At a time that may feel like a bleak confluence of a public health crisis and economic uncertainty – as COVID cases and unemployment rates continue to rise – it is important to know the risks of small-dollar payday and auto-title loans.
You can stay one step ahead of misinformation if you know the three most helpful questions to ask yourself while surfing the web. This free webinar will equip you with helpful tools and resources like the AARP Fact Tracker, which has been designed to help you distinguish fact from fiction online.
Scammers are using heightened fear and anxiety due to the coronavirus and the recent social unrest to target unsuspecting individuals—stealing money or sensitive personal information. You can protect yourself and your loved ones if you know what scams you should be aware of.
Fake investments and medical equipment, phony retirement plans, precious metal scams --these are but a few of the fraudulent schemes the Texas State Securities Board has been grappling with lately, especially in light of the COVID-19 pandemic.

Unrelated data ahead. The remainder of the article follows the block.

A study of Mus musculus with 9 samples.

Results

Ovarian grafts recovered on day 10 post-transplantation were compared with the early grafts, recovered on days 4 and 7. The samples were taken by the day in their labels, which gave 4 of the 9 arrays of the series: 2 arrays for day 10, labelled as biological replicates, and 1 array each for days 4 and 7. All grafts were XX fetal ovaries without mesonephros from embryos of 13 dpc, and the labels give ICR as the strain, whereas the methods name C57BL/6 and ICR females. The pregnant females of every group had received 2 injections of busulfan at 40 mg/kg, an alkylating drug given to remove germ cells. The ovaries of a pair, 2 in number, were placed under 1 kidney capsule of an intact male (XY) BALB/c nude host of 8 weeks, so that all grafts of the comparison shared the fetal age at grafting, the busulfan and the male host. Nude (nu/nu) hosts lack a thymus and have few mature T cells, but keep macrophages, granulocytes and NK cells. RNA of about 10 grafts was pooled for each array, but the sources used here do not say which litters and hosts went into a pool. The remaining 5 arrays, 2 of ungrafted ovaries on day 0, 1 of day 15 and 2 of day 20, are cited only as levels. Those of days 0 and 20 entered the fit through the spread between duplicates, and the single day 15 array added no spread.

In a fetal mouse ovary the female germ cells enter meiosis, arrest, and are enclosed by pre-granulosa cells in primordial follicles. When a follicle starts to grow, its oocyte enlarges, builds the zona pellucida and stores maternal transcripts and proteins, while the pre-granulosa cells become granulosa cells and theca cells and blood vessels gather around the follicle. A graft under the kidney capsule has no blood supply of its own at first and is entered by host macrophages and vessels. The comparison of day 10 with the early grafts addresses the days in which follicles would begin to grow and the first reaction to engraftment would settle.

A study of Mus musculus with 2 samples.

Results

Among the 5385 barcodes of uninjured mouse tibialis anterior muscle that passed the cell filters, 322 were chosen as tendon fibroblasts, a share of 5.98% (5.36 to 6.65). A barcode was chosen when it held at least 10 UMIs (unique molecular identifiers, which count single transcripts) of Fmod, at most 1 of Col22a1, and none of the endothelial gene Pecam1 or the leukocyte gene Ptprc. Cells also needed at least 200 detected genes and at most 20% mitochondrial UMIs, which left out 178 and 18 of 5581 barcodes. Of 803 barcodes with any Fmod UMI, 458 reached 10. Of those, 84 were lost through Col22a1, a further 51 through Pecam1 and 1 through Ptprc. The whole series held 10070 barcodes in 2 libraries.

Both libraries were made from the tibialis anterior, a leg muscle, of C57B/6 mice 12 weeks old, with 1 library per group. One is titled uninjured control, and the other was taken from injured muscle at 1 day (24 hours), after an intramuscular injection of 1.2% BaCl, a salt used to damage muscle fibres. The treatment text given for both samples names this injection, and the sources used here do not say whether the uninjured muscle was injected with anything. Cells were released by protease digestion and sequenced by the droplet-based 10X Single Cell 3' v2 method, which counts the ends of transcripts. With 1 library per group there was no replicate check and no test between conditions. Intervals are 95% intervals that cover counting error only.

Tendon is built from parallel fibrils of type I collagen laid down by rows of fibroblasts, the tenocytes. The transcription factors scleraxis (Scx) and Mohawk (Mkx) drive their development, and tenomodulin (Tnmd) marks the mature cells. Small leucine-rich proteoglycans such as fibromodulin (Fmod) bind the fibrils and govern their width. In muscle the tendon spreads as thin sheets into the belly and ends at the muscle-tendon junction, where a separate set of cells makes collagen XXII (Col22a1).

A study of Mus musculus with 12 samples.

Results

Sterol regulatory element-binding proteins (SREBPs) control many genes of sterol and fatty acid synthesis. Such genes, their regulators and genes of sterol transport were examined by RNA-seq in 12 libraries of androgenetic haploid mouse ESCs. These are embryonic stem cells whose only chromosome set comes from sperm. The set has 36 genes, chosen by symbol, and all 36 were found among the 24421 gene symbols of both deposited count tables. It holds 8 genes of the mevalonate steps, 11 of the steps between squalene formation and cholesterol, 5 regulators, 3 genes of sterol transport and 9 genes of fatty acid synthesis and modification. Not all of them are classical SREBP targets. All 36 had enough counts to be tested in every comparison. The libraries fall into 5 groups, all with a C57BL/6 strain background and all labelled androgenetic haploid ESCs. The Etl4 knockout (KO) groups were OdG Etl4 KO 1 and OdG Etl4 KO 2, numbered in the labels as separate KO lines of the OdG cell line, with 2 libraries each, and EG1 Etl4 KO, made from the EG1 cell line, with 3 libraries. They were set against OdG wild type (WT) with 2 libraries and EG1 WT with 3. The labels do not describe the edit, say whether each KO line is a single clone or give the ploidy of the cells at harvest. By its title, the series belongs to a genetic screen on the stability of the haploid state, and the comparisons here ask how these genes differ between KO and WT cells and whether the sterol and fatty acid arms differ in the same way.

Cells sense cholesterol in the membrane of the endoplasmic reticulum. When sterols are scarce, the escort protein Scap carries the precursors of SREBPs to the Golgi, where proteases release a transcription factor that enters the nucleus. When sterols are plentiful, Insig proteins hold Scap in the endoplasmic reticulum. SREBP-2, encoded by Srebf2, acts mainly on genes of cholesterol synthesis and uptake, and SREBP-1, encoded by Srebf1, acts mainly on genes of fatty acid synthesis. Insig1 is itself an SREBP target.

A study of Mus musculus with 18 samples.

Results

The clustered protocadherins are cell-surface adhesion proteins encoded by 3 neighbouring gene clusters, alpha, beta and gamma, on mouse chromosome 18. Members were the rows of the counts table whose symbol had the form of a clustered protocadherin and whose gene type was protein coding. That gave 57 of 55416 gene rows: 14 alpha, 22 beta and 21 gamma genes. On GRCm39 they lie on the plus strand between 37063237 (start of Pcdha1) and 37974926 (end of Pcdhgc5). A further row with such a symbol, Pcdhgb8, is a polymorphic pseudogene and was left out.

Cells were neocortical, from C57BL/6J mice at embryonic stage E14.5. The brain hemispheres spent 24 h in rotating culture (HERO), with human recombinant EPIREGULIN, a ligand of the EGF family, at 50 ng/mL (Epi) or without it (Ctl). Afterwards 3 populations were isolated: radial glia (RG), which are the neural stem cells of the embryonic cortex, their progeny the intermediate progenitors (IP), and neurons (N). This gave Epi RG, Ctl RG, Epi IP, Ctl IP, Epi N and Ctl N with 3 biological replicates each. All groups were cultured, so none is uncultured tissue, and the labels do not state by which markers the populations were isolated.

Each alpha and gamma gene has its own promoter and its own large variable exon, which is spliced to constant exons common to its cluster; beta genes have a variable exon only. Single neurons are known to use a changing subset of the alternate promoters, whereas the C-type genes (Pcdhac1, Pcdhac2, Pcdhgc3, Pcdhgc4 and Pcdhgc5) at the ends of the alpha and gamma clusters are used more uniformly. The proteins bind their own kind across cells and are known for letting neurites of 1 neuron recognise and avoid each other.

You never know when you could find yourself in charge of a loved one’s care. From a catastrophic injury to a sudden decline in health, their life changes can dramatically alter yours too.
As the world is rallying to combat the spread of COVID-19, people are looking for ways to protect themselves. But lurking in the shadows are scammers seeking to take advantage of this situation.
You’ve earned a right to Social Security benefits, but have you ever wondered how it all works? Join our free webinar where we’ll explore these questions to help you get more out of Social Security.
One of the most common scams is government impostors, where you may get a phone call, an email, or a visit to your home from someone claiming to be from the Social Security Administration, the Internal Revenue Service or some other government agency. In fact, the Federal Trade Commission recently reported victims lost nearly $153 million to government impostor scams in 2019 – a staggering amount.
They pretend to be IRS agents or Census officials, someone on a dating site or even your grandchild telling you they’re in trouble. They’re impostor scammers—and they’re after YOUR money and YOUR personal information.